Cloud Service Ecosystems Pose Inflection Point Risk for Intel
By Tony Clark, 2-Dooz Inc. – October 22, 2012 (Original Publication Date)
The computing world was once dominated by vertically oriented, proprietary host systems and network architectures. Example iconic vertically oriented systems include IBM’s 370 host and Systems Network Architecture (SNA) and Digital Equipment Corporation’s PDP-11 mini-computers and DEC-NET. The list of advantages afforded through vertical orientation included the ability of developers to exercise more control over their respective supply chains, which, in turn, yielded a larger share of the available product margin. On the host side, this situation changed with the ascent of the so called WinTel industry-wide PC architecture, which was characterized by a horizontal system orientation; whereby Microsoft provided the operating system and Intel provided the microprocessor (and other hardware). One result of WinTel was a redistribution of the available product margin to the side of the major suppliers. For example, during the past three decades, Intel—primarily fueled by the success of its Intel Inside program, design expertise and manufacturing leadership—was able to wrestle the lion share of the hardware margin away from the PC manufacturers, e.g., Dell, HP, etc. Fast forward to the present day and the dominance and influence of the WinTel architecture is now waning in the face of more proprietary, vertically oriented, cloud based service ecosystems from the likes of Apple, Amazon, Google, and others. It is the emergence of these cloud service ecosystems that pose the most pressing inflection point risk for Intel.
Intel reported its third quarter earnings on October 16, 2012. Revenue for the quarter came in at $13.5B (down 5% year-over-year), and margins were flat relative to the previous quarter at 63.3%. Margins are expected to decline to between 57% and 58% in the fourth quarter. Storage revenues were up 27%; cloud revenues were up 50%; but PC sales were slower than expected. Still, the real color in the commentary was regarding the state of the industry. CEO Paul Otellini noted, “The world of computing is in the midst of a period of breakthrough innovation and creativity.” Adding, “The level of innovation there is unbounded. I haven’t seen this [level of design creativity] in a long time.”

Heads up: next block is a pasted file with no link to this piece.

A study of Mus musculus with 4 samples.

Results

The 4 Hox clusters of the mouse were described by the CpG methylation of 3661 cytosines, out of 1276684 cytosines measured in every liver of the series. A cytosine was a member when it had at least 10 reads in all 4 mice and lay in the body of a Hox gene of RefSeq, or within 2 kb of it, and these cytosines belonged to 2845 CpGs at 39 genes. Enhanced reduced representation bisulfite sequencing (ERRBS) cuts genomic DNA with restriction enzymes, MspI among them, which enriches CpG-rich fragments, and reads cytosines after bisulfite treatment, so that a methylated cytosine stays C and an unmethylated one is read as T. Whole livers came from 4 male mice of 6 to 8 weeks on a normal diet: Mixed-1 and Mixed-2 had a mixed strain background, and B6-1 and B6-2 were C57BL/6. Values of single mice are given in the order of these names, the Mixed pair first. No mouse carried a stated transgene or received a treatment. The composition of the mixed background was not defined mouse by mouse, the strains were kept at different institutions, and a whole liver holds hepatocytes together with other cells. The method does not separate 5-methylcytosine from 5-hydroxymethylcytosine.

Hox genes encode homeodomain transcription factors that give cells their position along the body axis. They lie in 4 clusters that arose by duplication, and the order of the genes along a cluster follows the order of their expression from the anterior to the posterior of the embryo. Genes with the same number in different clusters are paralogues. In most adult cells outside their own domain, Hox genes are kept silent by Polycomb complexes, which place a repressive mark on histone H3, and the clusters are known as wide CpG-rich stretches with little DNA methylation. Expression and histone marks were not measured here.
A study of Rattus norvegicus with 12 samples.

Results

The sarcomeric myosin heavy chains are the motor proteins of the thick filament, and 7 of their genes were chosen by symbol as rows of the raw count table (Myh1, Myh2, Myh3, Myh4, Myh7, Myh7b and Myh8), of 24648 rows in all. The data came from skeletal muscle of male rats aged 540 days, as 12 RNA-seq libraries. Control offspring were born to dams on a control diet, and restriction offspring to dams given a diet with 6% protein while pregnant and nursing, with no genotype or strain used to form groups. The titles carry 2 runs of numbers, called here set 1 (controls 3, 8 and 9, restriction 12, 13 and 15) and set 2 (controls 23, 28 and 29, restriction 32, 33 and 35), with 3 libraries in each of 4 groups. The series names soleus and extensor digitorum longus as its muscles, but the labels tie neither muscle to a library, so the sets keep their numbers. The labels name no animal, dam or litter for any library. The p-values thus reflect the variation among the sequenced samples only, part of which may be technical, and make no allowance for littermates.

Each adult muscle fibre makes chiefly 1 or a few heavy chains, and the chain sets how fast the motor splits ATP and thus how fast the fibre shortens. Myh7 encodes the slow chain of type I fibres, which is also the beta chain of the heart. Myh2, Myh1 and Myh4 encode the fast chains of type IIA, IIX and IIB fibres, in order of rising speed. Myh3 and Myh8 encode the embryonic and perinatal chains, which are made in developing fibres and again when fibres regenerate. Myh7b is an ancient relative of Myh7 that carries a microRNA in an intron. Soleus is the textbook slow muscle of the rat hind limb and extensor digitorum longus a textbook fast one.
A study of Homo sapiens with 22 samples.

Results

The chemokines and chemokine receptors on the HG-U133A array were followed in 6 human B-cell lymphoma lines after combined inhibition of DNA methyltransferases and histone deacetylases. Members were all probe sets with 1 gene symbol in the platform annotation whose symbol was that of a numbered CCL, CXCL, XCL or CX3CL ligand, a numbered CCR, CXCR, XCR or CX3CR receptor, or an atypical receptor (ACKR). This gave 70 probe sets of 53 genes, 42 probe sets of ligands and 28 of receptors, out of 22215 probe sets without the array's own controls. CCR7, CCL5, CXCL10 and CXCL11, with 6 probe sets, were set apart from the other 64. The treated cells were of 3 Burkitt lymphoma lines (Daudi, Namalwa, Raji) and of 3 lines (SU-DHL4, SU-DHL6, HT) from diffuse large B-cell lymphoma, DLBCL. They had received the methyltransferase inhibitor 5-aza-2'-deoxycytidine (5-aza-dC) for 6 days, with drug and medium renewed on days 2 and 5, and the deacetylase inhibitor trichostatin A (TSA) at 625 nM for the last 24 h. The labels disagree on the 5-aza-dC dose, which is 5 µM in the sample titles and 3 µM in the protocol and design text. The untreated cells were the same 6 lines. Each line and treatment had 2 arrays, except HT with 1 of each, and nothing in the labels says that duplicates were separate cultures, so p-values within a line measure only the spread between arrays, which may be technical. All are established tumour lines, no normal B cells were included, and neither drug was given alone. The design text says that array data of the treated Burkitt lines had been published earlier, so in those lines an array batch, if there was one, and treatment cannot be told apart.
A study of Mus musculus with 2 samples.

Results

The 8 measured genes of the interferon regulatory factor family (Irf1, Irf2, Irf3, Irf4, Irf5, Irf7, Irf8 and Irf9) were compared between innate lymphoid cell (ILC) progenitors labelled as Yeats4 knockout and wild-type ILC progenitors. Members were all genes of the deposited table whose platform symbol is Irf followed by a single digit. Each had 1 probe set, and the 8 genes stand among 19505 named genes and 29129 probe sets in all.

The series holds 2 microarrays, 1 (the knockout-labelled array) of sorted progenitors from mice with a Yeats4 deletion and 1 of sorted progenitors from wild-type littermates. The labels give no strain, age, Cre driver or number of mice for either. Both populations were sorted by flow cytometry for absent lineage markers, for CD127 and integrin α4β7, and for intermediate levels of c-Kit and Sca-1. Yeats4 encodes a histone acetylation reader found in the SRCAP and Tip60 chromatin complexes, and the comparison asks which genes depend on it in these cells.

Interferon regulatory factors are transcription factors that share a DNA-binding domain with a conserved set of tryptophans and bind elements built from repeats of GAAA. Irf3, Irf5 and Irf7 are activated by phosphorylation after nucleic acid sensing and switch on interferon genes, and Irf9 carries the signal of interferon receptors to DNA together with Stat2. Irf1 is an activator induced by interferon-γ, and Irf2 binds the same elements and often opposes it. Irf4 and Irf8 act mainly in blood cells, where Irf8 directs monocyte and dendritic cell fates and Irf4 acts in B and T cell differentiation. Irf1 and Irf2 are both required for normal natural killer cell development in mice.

In a sense, Mr. Otellini was articulating what many in high tech have been observing; namely, the computing industry is going through another major transformation. The industry has come full circle with respect to the dominant architectural orientation—from the starting point of the vertically oriented systems offered by the likes of IBM and DEC through the 1970s timeframe, to the horizontal orientation of the WinTel platform in the 1980s through the early 2000s, and now back to the vertical orientation of the cloud service ecosystems today.
And contrary to popular opinion, it is the cloud service ecosystems trend, and not specifically the growth of smart phones and tablet computers, that is Intel’s greatest challenge. My reasoning for this position is as follows. Though the ARM architecture currently enjoys a lead in smart phone and tablet computer designs, I fully expect that Intel will ultimately leverage its design and manufacturing leadership to successfully counter ARM by targeting and implementing major energy conservation and performance improvements in its Atom processor. So, even though it is possible that ARM might replace AMD in the number two position, Intel will ultimately do to ARM what it did to AMD. In other words, Intel can and will take the necessary steps to ensure that ARM remains nothing more than a distant number two.
In previous Strategy Talk articles, I explained that the new customer engagement model in high tech is all about experiences creation. As it turns out, cloud based service ecosystems are a natural way of delivering these experiences. And, moreover, the ecosystems are allowing the Apples, Amazons, and Googles of the world to once again pursue vertically oriented architectures. The result is a gradual, but accelerating swing of the control pendulum to the side of the cloud service ecosystem providers. This has broad implications for Intel’s business model.
Proof of this claim was provided during Intel’s third quarter 2012 conference call. Mr. Otellini offered that revenues were light in part due to a mix change between cloud data center customers and enterprise data center customers. He noted that enterprises mostly use 4-way systems, while clouds mostly use 2-way systems. Clouds are able to use the 2-way systems because they are using them in the context of more sophisticated (and increasingly proprietary) data center configurations that allow for the use of such servers without compromising service performance and availability. Since the 2-way systems are less expensive than the 4-way systems, the growth in cloud demand is resulting in more 2-way systems sales, relative to 4-way system sales, which means less revenue for Intel. Thus, the cloud service ecosystems pose an inflection point risk for Intel.
Those are my thoughts. As always, I invite and look forward to learning what you think.